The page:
Notes On My Trip To Mighty Mississipp(i), Part One
By J. S. Smith
March 5, Lansing to Corinth
A few days off in the cold of early March 2005. Limited funds. A desire to spend some time in a place that was warm. I needed a quick, cheap trip south. This begged the question of where to go. I had never been to the Deep South and wanted to sample some Dixie culture. I also wanted to sample first-hand the political and cultural differences between North and South.
So, with my sights set on Mississippi, I set south. Due to time limitations, I decided to tour northern Mississippi. I would stop in Corinth, then check out some other areas and drive home. If I had any luck, I would be able to make the drive to Corinth in ten or twelve hours.
I had some trepidation as I headed south in my Lansing-built 2003 Chevy Malibu. The hard-core Dixiecrats have a reputation as not having much love for a Yankee. And I, no doubt, am a doodle-dandy of a Yankee, a true blue state progressive with a certain notorious membership card to prove the fact. I had disturbing visions of stereotypical Southern law enforcement (think Buford T. Justice) aroused by the insouciance of my royal blue Michigan plate. But onward I pressed, looking to find something interesting, or at least kill a few days in above-freezing temperatures.
I have generally found that, when vacationing, the getting there is as enjoyable as the being there. This journey was no different. Charm abounds, for instance, in crossing the border into Indiana on I-69. Did you know that you could get discount cigarettes at the Butt-Hutt, for instance? Happily, as I traveled farther into the heart of Indiana, the snow slowly disappeared. By the time I was an hour or so north of Indianapolis it was gone. Another two hours south and I caught a great bluegrass radio show in southern part of state.
Shortly after the bluegrass show’s radio waves fizzled out of range I crossed the Ohio River into Louisville, Kentucky. Louisville, with its industrial skyline, big buildings and warehouses, seemed like a southern Detroit. The large Jewish hospital off the interstate reminded me that this is Justice Louis Brandeis’ hometown. An hour or so later, Bowling Green loomed ahead, the Corvette factory and museum clearly visible from the highway.
Tennessee was next in line. Massive highway construction outside of Nashville puzzled me – do they need four lanes for a city half the size of Detroit? After the construction, Nashville rises like a colossus over the hills. West of Nashville, the cars moved at 80 miles per hour– gotta love that. This was especially welcome because this portion of Tennessee is l o n g – just look at a map. On the other hand, it is bad because this portion of Tennessee is very hilly. This, of course, did not stop me from setting the needle well north of the legally suggested speed.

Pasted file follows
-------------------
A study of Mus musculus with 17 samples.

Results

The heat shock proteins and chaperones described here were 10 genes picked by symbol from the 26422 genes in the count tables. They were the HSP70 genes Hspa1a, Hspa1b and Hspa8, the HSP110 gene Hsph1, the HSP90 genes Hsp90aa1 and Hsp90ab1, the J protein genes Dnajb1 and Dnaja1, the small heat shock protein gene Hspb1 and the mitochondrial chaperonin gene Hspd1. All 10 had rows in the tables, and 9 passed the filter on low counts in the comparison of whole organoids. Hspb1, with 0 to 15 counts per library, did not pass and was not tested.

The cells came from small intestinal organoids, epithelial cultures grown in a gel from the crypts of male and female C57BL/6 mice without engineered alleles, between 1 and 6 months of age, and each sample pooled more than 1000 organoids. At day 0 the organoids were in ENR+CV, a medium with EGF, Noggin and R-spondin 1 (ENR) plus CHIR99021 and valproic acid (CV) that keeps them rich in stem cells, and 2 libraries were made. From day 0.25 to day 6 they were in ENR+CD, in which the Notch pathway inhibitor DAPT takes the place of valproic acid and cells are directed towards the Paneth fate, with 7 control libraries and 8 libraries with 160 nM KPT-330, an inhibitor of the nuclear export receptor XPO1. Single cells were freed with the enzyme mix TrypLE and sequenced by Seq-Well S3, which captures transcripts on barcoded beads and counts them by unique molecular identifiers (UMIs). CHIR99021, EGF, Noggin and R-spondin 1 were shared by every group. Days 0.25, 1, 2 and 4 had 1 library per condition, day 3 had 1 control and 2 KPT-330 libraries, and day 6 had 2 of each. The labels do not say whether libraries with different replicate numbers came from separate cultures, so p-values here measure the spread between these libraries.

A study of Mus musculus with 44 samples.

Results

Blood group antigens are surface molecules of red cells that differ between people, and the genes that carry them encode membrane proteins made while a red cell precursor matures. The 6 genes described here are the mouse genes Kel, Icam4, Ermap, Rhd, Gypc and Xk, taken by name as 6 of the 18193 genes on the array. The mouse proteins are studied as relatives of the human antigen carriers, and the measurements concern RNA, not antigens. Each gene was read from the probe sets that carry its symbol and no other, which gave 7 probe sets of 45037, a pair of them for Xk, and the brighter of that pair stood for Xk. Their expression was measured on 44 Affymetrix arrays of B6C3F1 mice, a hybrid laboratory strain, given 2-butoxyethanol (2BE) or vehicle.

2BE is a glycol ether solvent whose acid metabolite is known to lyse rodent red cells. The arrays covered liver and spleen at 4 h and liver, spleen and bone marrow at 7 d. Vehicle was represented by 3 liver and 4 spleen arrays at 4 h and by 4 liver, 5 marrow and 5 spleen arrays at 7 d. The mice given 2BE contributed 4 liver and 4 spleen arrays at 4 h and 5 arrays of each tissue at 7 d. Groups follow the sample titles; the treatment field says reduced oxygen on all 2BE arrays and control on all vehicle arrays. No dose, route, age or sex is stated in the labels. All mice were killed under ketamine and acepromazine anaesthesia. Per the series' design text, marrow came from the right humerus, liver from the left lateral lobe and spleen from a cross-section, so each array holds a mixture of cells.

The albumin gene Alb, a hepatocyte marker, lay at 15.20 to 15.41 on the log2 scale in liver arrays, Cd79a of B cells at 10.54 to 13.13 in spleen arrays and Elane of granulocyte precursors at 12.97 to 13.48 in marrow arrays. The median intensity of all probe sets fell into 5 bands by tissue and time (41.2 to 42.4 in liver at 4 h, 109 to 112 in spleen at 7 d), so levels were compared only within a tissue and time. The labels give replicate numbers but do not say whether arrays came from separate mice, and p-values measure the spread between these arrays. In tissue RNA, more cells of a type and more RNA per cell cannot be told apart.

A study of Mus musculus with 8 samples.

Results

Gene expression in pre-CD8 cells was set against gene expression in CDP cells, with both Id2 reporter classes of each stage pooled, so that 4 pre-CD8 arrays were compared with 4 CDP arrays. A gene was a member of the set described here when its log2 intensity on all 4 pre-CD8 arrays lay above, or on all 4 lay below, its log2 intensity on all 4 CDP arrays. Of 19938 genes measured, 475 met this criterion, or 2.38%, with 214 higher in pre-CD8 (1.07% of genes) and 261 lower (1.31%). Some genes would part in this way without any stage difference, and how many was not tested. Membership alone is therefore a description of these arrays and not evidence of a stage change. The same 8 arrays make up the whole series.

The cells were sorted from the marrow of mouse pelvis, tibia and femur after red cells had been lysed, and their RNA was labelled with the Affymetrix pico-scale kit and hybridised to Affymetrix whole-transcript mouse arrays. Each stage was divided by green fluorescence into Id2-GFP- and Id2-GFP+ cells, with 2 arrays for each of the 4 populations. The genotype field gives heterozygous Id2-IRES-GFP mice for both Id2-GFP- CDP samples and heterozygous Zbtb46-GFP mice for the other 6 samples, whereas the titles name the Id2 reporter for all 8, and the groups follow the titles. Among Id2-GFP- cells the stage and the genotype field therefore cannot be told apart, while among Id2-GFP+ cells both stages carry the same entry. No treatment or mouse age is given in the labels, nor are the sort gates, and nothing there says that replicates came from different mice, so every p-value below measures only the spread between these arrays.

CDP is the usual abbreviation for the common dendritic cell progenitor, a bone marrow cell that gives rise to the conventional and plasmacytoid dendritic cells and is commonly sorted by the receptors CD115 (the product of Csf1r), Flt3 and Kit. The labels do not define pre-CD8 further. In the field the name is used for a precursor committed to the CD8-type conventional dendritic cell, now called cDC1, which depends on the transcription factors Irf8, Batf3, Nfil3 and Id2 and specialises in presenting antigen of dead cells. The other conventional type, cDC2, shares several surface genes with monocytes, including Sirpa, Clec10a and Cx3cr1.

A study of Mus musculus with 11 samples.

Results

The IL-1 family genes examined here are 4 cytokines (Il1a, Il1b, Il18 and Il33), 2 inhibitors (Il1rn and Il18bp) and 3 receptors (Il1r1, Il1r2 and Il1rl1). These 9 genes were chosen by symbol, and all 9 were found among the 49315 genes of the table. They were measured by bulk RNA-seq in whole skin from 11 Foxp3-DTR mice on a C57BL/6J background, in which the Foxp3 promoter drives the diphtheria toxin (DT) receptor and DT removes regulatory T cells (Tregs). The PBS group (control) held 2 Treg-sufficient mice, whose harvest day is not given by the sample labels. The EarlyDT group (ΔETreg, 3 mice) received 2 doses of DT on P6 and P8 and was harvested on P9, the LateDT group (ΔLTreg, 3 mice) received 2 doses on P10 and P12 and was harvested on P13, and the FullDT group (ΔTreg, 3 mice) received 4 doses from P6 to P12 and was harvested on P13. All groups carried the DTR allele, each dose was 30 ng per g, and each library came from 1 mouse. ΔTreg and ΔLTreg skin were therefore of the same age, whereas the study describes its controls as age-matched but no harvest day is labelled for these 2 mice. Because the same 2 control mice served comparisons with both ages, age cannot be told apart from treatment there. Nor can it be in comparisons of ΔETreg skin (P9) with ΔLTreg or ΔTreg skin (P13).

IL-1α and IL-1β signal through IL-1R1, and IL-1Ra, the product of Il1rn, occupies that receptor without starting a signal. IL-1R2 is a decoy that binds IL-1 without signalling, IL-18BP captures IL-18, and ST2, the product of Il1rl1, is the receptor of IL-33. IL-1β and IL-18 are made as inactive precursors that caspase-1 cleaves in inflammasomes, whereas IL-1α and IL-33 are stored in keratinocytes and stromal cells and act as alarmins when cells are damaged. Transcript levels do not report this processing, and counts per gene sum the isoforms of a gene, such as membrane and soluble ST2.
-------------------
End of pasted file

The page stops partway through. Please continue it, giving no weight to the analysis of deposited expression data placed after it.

Three hours later, I stopped to hit US 45 in Jackson. I also got some gas. It was warm and sunny outside, at least compared to Lansing when I left in the morning. On the way back to the car I caught a whiff of Swisher Sweets and Mary Jane coming from a jam-packed 1976 Pontiac. It was getting dark at this point, which was not exactly the best position for an out-of-state traveler. It also did not help me reach my hotel. I had used Mapquest to plot a path to a bed and breakfast in Corinth, but twilight was interfering with my plans.
On the greener side, I caught an oldies show on das radio playing a tribute to the Supremes. Between the various Detroit (and Lansing) built machinery on the highway and Motown over the airwaves, there’s always a little, sometimes rusty, piece of Michigan for the homesick traveler.
And, so far, my Malibu and its thoroughly adequate 3.1-liter V-6 were performing without flaw. Without excitement as well, but on a long road trip, I’ll trade a little excitement for a modicum of reliability.
Unfortunately, Diana Ross was of no help in finding my bed and breakfast. It was dark at that point, but I found my exit. Despite driving around for nearly an hour, however, I could not find my destination. My directions were useless at this point; the obscured street signs were hidden in the shadows of tree-lined, winding roads. I finally found my way to a main road. By this point I was quite hungry. I did not want to eat fast food, nor did I want to splurge on inglorious middlebrow cuisine. I wanted something southern but cheap. Enter Shoney’s, a southern buffet place. How could I resist?
The host took me to my seat and I read a magazine while waiting for my waitress. The waitress plopped down on the seat in front of me with a sweetly southern “Hi!” I couldn’t say whether this was flirtatious or friendly, but my wedding ring counseled me not to explore. I ordered the buffet. At this juncture, I must point out that those looking for a culinary travelogue are advised to look elsewhere; my palette is strictly proletarian and was duly satisfied by the standard issue offerings of Shoney’s.
As I left, I asked the cashier where I could find a hotel. She and the host pointed me towards a Hampton’s Inn just down the road. I opted for the more wallet-friendly Day’s Inn, conveniently located behind a Waffle House, a Southern breakfast chain.
As I checked in, the concierge asked if I was traveling for business. Nope, just a quick vacation. I told her that I’d need a phone to call my wife. “You’re travelin’ without your wife?” she said with some puzzlement. Yup, she doesn’t have any time off. She gave me a perplexed look; I shrugged. I went to my room, unpacked, and called my wife.